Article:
How weak is industrial demand really? If precious metals are anything to go by at the start of the week, very weak. Palladium, platinum, and silver have all started with clearly negative signs. Meanwhile, gold is holding up well above the 2000 mark. Indeed, the optimism of an early interest rate cut has been priced out in the last few days, thus significantly dampening the upward trend that had already begun. In our view, however, the only change in this regard is the delay of the cuts. We see good opportunities to build up initial positions at this level, particularly in silver and platinum. Silver appears to be trading in the clearly oversold segment.
Last week, the World Platinum Investment Council (WPIC) published new forecasts for platinum up to 2028. The substitution of palladium is continuing. The forecast shows a significantly reduced deficit in 2027, but significant deficits of at least 500k ounces (over 15 tons) will dominate the market from 2025 onwards. Primary production is currently in a negative spiral about all-in-sustaining cash costs (AISC), as around 25% of total mine production is now produced with negative margins. The market remains highly interesting for medium-term commodity enthusiasts at the current price level.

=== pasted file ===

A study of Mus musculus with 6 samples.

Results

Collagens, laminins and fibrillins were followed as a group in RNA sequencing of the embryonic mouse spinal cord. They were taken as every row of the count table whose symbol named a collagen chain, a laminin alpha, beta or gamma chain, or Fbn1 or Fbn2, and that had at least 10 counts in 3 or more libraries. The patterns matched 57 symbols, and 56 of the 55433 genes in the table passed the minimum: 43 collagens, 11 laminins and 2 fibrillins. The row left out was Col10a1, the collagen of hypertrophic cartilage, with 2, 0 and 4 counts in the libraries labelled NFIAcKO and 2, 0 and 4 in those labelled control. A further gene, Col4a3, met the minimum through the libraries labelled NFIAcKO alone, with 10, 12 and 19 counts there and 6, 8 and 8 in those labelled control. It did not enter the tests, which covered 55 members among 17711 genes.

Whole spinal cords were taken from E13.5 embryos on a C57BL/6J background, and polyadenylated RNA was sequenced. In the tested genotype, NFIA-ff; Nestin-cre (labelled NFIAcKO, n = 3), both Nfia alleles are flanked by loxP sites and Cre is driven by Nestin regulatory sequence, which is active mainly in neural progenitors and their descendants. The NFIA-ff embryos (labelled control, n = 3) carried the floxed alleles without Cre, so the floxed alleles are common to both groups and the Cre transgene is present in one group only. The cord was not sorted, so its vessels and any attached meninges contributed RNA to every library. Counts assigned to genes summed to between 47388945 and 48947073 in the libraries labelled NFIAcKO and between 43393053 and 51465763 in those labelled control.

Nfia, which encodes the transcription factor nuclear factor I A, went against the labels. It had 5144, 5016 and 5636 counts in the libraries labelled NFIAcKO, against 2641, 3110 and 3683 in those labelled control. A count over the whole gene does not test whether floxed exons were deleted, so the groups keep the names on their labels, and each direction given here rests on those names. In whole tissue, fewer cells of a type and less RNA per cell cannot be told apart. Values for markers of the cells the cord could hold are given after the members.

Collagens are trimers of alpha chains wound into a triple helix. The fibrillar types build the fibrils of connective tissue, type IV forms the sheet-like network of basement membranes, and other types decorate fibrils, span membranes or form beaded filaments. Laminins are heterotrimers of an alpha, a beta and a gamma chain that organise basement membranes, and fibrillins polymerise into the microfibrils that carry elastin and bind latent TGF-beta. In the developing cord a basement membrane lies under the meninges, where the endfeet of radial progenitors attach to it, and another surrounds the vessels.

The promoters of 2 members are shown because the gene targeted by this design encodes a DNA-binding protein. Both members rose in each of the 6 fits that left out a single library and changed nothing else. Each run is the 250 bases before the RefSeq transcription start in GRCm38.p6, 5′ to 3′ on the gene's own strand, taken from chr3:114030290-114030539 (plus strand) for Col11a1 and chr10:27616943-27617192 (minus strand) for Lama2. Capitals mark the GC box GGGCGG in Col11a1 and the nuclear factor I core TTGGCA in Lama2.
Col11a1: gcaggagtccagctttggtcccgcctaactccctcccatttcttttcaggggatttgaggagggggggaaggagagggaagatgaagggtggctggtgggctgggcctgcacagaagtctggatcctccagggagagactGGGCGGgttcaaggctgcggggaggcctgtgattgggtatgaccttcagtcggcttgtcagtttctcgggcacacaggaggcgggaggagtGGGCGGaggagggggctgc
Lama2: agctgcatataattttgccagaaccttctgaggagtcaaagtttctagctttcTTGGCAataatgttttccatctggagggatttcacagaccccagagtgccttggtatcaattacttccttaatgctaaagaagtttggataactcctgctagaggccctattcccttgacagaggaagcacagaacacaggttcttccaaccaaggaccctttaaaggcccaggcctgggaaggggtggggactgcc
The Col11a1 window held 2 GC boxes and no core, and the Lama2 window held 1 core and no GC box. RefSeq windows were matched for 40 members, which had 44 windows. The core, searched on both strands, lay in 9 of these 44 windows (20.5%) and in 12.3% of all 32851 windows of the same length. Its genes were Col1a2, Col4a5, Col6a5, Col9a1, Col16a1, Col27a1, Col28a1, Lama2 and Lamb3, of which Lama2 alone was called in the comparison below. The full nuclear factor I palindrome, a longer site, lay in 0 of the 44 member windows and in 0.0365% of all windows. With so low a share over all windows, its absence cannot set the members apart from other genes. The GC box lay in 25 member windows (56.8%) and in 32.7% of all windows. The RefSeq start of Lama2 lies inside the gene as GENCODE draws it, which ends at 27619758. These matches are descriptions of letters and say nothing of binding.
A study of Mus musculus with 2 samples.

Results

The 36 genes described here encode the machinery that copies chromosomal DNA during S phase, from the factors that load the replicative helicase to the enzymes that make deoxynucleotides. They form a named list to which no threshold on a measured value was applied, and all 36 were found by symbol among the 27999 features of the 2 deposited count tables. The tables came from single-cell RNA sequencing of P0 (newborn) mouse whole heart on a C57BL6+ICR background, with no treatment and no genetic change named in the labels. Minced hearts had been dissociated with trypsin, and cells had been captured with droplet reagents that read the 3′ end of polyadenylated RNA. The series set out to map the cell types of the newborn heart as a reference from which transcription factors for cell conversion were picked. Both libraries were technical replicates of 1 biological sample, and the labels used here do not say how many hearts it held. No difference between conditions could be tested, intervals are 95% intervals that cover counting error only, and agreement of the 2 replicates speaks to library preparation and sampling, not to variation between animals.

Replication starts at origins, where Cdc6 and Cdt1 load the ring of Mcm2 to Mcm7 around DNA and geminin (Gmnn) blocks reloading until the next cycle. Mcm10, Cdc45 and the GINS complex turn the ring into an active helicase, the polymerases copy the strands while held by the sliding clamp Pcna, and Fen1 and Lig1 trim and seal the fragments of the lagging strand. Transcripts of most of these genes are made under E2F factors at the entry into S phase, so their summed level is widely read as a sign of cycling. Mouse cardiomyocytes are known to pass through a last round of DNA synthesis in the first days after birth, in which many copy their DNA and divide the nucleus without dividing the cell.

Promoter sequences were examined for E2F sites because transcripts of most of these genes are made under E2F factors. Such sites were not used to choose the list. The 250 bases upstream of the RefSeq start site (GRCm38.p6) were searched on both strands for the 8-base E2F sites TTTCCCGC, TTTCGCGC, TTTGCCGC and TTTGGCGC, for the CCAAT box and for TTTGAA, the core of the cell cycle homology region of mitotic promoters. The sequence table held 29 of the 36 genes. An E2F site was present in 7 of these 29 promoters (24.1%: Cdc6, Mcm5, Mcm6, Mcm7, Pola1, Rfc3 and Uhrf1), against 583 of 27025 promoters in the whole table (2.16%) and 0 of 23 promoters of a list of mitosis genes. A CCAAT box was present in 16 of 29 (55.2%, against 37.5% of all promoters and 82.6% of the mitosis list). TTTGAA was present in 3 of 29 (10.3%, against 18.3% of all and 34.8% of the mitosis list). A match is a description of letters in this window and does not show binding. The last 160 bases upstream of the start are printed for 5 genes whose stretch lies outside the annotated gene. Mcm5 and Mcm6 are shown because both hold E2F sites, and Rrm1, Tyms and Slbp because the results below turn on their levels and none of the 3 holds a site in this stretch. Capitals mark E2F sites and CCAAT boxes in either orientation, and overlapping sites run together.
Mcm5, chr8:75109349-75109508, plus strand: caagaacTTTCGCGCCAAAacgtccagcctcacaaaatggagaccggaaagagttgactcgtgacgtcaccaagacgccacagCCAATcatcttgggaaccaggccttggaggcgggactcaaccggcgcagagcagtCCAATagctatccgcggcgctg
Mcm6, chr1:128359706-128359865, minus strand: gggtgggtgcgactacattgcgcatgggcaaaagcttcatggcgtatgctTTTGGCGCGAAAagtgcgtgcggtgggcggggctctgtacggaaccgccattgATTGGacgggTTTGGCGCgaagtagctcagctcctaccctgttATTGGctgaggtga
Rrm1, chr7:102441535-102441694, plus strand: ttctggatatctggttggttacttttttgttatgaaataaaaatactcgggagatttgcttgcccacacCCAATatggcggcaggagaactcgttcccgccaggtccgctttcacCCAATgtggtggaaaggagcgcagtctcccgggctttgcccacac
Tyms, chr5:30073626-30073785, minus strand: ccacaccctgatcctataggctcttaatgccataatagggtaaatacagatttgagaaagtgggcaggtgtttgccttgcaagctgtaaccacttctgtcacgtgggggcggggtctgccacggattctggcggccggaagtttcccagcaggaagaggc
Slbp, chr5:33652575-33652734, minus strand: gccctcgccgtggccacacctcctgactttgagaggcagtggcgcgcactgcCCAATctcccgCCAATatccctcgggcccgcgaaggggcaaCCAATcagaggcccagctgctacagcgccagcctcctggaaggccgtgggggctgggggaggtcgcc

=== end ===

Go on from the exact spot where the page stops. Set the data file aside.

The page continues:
Rhodium will likely end its short-term rally and follow in the footsteps of its (auto) fellow sufferers. After slight cash-driven selling at the end of the year, iridium has regained strength and currently appears to be the most stable and still the most valuable of all precious metals.
“PGM – Spotlight on Precious Metals” is a commodity column focused on gold and precious metals but mainly dedicated to the widely discussed yet rarely analyzed platinum group metals (PGM). Focused on the industrial applications of the metals as well as their potential as tangible assets, the abbreviation PGM has a twofold significance: With Philipp Götzl-Mamba, we could win an experienced precious metal trader operating at the cutting edge of the industry, sharing his knowledge with us.